The Garden Tomb
Editor’s Note: To read Peter Colón’s article “Assault at Gethsemane,” click here.
Now in the place where He was crucified there was a garden, and in the garden a new tomb in which no one had yet been laid (Jn. 19:41).
North of the Damascus Gate of Jerusalem’s Old City is a peaceful burial cave called the Garden Tomb. A peasant first discovered it in 1867. In 1874 a German missionary wrote a detailed report about it for several scholarly European journals. Today many believe it may be the site of Joseph of Arimathea’s sepulchre and, therefore, of the resurrection.
Scripture teaches that after Jesus’ agony on the cross, His body was given to Joseph of Arimathea, a wealthy Jewish believer who gave up his own tomb as a burial place for Jesus. Nicodemus—a Jewish teacher, member of the Sanhedrin (the Jewish ruling council), and secret believer in Jesus—brought a mixture of myrrh and aloes to the tomb, and together they prepared Jesus’ body for burial. Then they laid Him in the tomb.
In 1883 English military hero Charles George Gordon identified the cave as the burial site. Since then, the Garden Tomb has provoked a wave of controversy over whether it is the authentic place of Jesus’ burial.
Nevertheless, in 1894, an English, non-denominational, Christian charitable trust known today as The Garden Tomb Association purchased the site and maintains its upkeep.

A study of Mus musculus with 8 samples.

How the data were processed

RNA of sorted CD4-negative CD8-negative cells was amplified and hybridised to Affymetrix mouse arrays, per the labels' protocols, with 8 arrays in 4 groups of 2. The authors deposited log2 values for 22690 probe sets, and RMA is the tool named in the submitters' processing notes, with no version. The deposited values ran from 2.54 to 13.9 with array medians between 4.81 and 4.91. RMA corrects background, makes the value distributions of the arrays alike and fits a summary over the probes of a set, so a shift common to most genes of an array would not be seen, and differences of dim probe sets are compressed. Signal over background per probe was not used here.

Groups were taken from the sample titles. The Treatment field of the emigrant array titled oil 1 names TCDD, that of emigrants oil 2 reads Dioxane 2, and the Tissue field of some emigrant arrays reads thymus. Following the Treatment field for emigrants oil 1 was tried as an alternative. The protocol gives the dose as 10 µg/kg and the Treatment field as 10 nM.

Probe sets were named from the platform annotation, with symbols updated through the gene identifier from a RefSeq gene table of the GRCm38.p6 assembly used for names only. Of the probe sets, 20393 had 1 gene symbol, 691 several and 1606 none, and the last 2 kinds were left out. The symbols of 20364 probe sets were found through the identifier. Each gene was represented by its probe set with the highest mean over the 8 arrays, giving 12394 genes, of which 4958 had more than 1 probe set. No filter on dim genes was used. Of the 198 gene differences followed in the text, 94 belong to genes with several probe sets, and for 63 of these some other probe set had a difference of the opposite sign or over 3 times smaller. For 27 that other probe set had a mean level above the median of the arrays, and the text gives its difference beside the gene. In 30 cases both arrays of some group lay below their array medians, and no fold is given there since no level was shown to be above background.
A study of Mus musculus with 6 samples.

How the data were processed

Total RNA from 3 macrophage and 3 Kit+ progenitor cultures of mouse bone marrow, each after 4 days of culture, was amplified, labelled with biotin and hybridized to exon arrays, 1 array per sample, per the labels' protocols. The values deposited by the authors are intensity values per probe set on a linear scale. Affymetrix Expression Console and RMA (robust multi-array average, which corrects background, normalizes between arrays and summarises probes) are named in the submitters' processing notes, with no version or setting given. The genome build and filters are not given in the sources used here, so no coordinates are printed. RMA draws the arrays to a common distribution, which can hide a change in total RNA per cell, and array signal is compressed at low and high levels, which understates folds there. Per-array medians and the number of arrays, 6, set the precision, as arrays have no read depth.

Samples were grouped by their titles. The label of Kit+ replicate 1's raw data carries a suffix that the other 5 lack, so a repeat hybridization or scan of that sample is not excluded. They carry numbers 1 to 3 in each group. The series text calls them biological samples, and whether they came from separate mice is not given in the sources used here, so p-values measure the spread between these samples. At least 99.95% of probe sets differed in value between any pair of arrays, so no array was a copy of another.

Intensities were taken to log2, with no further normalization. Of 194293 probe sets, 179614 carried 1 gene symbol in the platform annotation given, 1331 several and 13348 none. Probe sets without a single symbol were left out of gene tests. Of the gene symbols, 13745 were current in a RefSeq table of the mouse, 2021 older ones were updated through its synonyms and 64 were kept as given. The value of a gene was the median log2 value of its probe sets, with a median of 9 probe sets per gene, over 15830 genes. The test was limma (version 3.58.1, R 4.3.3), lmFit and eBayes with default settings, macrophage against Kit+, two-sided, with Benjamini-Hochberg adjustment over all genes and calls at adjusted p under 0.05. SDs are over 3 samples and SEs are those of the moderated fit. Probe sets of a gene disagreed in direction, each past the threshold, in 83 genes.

Jesus, of course, arose from the dead; and the tomb is empty. And though the site is a quiet and peaceful place to visit, Jesus’ resurrection makes three thunderous statements:
(1) All true believers in Jesus have His heavenly image:
But now Christ is risen from the dead, and has become the firstfruits of those who have fallen asleep. For as in Adam all die, even so in Christ all shall be made alive. And as we have borne the image of the man of dust, we shall also bear the image of the heavenly Man (1 Cor. 15:20, 22, 49).
(2) God has a perfect plan of salvation:
Moreover, brethren, I declare to you the gospel which I preached to you, which also you received and in which you stand, by which also you are saved, if you hold fast that word which I preached to you—unless you believed in vain. For I delivered to you first of all that which I also received: that Christ died for our sins according to the Scriptures, and that He was buried, and that He rose again the third day according to the Scriptures (vv. 1–4).
But God demonstrates His own love toward us, in that while we were still sinners, Christ died for us (Rom. 5:8).
(3) Everyone can come to Christ and receive the gift of salvation:
For by grace you have been saved through faith, and that not of yourselves; it is the gift of God (Eph. 2:8). But as many as received Him, to them He gave the right to become children of God, to those who believe in His name (Jn. 1:12).
Sitting among the plants and flowers of the Garden Tomb, it’s easy to appreciate the quiet reverence of the place. It is like an oasis in a turbulent world. Yet it’s a site that shouts its message of Jesus’ suffering, burial, and resurrection loud and clear. Can you hear it?